Next phase of the 11-year, $18 million partnership will improve health and nutrition education for over eight million children in Indonesia, the Philippines and Vietnam

The Mars Wrigley Foundation Thursday announced a $3M, 3-year expansion of its Healthier Smiles program with Save the Children, which provides holistic oral health and nutrition training for teachers and needed dental services for underserved children around the world.

Since 2011, Healthier Smiles has reached 2.7 million children, parents, teachers and health workers, and delivered over 500,000 oral health services in six countries.

The next phase of work will improve the oral health of over eight million children in Indonesiathe Philippines and Vietnam through direct interventions and sustainable education policy shifts in 17,000+ schools, and mass distribution of school health and nutrition resources. The project is designed to ensure that children are healthy and safe by providing access to inclusive, community services and information both at home and in school.

“The Mars Wrigley Foundation works to address oral health education and care in areas where people face very real challenges to their happiness and wellbeing,” said Anne Vela-Wagner, Executive Director of the Mars Wrigley Foundation. “The partnership with Save the Children has steadfastly focused on children’s oral health and fundamental wellbeing needs so more children stay in school and reach their full potential.”

Oral diseases affect nearly 3.5 billion people globally, often resulting in pain and isolation that translate to lost hours at school and work. In over a decade of work together, the Healthier Smiles program has evolved to also address the root causes of these diseases among children, including lack of safe water, sanitation and hygiene, malnutrition and access to basic health services.

“We know that brain, physical and social development of kids in the first years of life are incredibly important. If health issues aren’t addressed early enough, it’s harder for kids to learn,” said Janti Soeripto, President and CEO of Save the Children. “Together, with the Mars Wrigley Foundation, we’ve helped strengthen communities and supported millions of children and families.”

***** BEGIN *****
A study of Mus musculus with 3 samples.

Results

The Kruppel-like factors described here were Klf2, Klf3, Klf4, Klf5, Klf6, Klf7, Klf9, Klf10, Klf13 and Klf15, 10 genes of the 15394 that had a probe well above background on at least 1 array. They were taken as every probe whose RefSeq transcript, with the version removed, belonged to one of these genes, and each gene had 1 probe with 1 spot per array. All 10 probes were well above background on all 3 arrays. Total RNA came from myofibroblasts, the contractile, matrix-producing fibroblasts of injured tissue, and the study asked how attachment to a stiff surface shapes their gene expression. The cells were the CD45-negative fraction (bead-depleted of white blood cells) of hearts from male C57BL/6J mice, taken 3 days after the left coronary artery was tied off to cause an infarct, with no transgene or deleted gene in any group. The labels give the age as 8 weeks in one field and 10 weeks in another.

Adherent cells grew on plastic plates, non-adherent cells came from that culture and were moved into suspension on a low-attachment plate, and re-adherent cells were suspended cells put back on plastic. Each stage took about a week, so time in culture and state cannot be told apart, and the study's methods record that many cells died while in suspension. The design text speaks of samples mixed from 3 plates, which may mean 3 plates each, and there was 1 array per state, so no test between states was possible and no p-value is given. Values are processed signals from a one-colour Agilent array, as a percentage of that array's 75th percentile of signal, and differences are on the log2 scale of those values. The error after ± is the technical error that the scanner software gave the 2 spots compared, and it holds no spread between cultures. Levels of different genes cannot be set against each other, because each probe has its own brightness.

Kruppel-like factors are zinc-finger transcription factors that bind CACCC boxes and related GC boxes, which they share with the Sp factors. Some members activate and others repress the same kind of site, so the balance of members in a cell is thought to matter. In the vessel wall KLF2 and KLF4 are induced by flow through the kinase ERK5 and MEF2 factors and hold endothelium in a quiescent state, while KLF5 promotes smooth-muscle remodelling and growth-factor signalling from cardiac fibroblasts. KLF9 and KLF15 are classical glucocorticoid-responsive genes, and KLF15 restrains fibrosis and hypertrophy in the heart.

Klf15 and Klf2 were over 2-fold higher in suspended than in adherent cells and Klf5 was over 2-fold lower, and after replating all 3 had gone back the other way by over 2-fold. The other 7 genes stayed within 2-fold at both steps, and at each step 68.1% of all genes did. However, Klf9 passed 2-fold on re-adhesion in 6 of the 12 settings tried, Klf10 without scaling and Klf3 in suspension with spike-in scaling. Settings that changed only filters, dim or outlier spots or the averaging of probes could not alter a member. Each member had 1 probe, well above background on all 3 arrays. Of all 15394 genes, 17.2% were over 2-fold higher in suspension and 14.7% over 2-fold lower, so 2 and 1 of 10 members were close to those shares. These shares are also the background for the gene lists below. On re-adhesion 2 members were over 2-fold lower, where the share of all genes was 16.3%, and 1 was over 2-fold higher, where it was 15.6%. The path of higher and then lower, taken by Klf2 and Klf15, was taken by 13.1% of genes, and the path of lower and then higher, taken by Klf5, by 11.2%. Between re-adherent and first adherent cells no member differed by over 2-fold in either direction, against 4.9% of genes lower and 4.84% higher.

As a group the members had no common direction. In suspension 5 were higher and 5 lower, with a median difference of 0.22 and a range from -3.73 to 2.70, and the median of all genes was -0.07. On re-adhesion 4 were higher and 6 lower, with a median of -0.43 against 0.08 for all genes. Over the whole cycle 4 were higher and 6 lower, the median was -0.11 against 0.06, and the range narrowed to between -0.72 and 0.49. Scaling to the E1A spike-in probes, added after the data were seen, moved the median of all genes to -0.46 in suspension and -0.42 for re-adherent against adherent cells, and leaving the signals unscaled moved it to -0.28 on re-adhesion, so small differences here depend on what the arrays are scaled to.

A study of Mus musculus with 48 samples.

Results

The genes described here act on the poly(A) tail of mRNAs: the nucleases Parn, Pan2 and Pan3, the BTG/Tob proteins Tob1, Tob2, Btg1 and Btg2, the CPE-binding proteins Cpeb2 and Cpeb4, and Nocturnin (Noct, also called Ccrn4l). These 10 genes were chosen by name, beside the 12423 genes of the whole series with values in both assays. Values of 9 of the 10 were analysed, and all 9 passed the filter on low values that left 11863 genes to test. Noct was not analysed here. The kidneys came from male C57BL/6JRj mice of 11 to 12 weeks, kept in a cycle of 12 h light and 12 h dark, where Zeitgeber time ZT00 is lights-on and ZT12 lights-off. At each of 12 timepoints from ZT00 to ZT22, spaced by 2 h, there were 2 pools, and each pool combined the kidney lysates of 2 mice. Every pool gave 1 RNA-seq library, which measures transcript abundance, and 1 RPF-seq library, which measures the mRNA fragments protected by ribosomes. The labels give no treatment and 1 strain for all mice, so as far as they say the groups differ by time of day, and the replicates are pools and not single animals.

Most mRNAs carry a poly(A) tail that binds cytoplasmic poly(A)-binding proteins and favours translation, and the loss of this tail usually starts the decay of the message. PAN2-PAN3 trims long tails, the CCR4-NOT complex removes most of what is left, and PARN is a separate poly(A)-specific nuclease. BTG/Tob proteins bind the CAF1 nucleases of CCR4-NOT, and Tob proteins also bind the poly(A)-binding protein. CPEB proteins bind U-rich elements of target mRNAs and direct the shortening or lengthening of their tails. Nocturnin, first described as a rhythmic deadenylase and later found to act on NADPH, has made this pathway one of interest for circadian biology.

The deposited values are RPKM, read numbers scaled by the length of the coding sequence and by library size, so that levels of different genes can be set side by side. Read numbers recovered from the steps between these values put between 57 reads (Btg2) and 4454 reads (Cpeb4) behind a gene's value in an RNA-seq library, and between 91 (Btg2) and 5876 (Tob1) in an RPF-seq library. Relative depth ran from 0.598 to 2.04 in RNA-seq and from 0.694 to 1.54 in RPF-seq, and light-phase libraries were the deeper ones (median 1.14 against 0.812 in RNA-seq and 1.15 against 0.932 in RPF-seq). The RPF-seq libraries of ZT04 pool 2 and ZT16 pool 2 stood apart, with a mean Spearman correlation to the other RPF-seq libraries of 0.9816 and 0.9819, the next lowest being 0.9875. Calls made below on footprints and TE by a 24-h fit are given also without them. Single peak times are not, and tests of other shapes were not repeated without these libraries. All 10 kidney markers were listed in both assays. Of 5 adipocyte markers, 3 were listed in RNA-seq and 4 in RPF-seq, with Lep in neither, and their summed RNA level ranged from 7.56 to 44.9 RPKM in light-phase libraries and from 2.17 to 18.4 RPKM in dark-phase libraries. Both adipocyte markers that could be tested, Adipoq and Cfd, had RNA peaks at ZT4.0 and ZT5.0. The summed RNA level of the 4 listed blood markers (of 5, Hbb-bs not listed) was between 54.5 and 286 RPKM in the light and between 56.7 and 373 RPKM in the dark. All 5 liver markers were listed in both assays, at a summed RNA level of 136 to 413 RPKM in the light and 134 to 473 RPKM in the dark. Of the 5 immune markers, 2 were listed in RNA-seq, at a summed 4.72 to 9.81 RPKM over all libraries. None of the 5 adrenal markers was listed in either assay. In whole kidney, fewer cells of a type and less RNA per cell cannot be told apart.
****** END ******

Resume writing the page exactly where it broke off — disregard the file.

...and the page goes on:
When the COVID-19 pandemic made it even more difficult for children to access critical health, hygiene and education resources, the Mars Wrigley Foundation supported Save the Children’s response, distributing nutritious food, hygiene kits, handwashing stations and more to children and adults in need across ChinaIndia and Indonesia. The collaboration also provided health and nutrition education and built capacity among teachers to deliver this information to students.

The deep partnership between the Mars Wrigley Foundation and Save the Children is complemented by ongoing efforts between the nonprofit and Mars, Inc. to improve the lives of people in communities where we operate and engage Mars Associates in skills-based projects around the globe through the Mars Ambassador Program. All these programs demonstrate a shared commitment to innovative collaboration toward a healthy world.


Born and raised in Northwest NJ, Jay has a degree in Communications and has had a life-long interest in local radio and various styles of music. Jay has held numerous jobs over the years such as stunt car driver, bartender, voice-over artist, traffic reporter (award winning), NY Yankee maintenance crewmember and peanut farm worker. His hobbies include mountain climbing, snowmobiling, cooking, performing stand-up comedy and he is an avid squirrel watcher. Jay has been a guest on America’s Morning Headquarters,program on The Weather Channel, and was interviewed by Sam Champion.